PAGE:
Microsoft will add more sophisticated access controls to Longhorn and Vista to keep pirates who fail to activate a key properly from using all of the products features.

Microsoft is taking bigger steps to ensure that users who are running Windows Vista and Longhorn Server have actually paid for the software.

The company said Wednesday it is adding technology to Vista and its next-generation version of Windows Server, code-named Longhorn, that goes beyond what its current Windows Genuine Advantage software protection does to prevent software piracy.


A shortfall with the current technology is that there are too many ways to get around the access controls.

For example, software distributed from volume license customers does not require activation by Microsoft. It only requires a customer to put in a key. "If someone could get their hands on volume license media and a volume license key, you can take it home and install it as often as you like, said Paul DeGroot, an analyst at Directions on Microsoft, a consulting firm in Kirkland, Wash.

"They had to come up with a better way to activate volume software that would make it impossible for someone to activate it outside of an organization," DeGroot said.

Although there are no details as of yet for how the technology will be activated on Longhorn, Microsoft has issued some information about volume activation in Windows Vista. The process involves two types of keys -- the Multiple Activation Key (MAK) and the Key Management Service (KMS).

Any Microsoft customer with a valid license agreement can receive a MAK with a limited number of activations associated with it. An administrator can activate a batch of machines by using the key to gather up information from all of the machines in a single setting. A MAK can also be given to someone who places it in the PC to activate it.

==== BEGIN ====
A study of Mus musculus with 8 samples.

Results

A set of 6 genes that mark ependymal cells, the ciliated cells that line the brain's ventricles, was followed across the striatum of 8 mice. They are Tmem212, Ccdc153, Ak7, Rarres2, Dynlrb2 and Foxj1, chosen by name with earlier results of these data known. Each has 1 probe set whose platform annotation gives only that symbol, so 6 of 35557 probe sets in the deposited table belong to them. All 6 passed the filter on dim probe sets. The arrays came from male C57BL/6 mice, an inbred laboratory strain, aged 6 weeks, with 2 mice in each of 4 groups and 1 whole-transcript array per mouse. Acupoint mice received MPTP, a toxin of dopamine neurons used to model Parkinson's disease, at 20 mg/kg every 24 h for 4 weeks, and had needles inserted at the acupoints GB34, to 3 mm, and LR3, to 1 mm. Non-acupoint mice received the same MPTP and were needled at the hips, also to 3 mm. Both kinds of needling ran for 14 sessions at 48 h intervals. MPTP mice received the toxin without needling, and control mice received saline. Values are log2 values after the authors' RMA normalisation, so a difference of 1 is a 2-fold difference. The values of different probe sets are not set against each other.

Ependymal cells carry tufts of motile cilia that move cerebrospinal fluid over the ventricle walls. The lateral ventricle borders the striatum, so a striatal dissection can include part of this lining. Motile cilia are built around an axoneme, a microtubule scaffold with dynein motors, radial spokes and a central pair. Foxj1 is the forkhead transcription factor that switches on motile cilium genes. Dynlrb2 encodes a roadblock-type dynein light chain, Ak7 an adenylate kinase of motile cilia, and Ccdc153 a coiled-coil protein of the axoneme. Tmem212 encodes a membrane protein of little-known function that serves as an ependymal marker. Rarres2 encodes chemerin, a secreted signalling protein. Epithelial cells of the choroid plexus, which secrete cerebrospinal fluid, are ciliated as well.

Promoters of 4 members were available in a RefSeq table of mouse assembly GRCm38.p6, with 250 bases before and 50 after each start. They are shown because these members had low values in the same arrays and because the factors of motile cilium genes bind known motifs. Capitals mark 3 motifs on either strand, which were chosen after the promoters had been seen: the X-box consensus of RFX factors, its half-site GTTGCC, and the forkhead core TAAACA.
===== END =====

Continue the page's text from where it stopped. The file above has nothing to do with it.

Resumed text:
With KMS, IT administrators activate PCs as a service within the enterprise. In this scenario, the PCs look for KMS. The end user should never have to see anything, said Cori Hartje, director of Microsoft's Genuine Software Initiative. It is mainly used in environments where there are more than 25 PCs connected to the network, she said.

Vista slips into failsafe mode

If Vista fails to activate, after a certain time period it goes into what is called Reduced Functionality Mode; it's when certain features -- such as Windows Aero, Windows Defender and Windows ReadyBoost -- will no longer work. Microsoft said three events can trigger this mode: failure to activate with KMS within 30 days of installation; failure to renew activation with KMS within 210 days of previous activation; or failure to renew activation with KMS within 30 days of hard-drive replacement.

Longhorn Server, which is not due to ship until late 2007 or early 2008, will also have MAK and KMS options. Microsoft said it will support KMS on Windows Server 2003, with availability scheduled for 2007, but it has not released details about how many servers will be validated at once.

In the case of desktops, the best options for the enterprise will depend on whether end users are managed or unmanaged, local or remote, Hartje said. The company recommends using MAK where there are fewer than 25 clients and where PCs are not always connected to the network.

In general, IT professionals don't seem to have a beef with Microsoft over the company's desire to put safeguards in place to prevent privacy. "I think it's very acceptable for them to take these steps," said Dan Stolts, president and senior systems engineer at Bay State Integrated Technology Inc., a Lakeville, Mass., integrator. Stolts is also chairman of the Boston Area Windows Server User Group.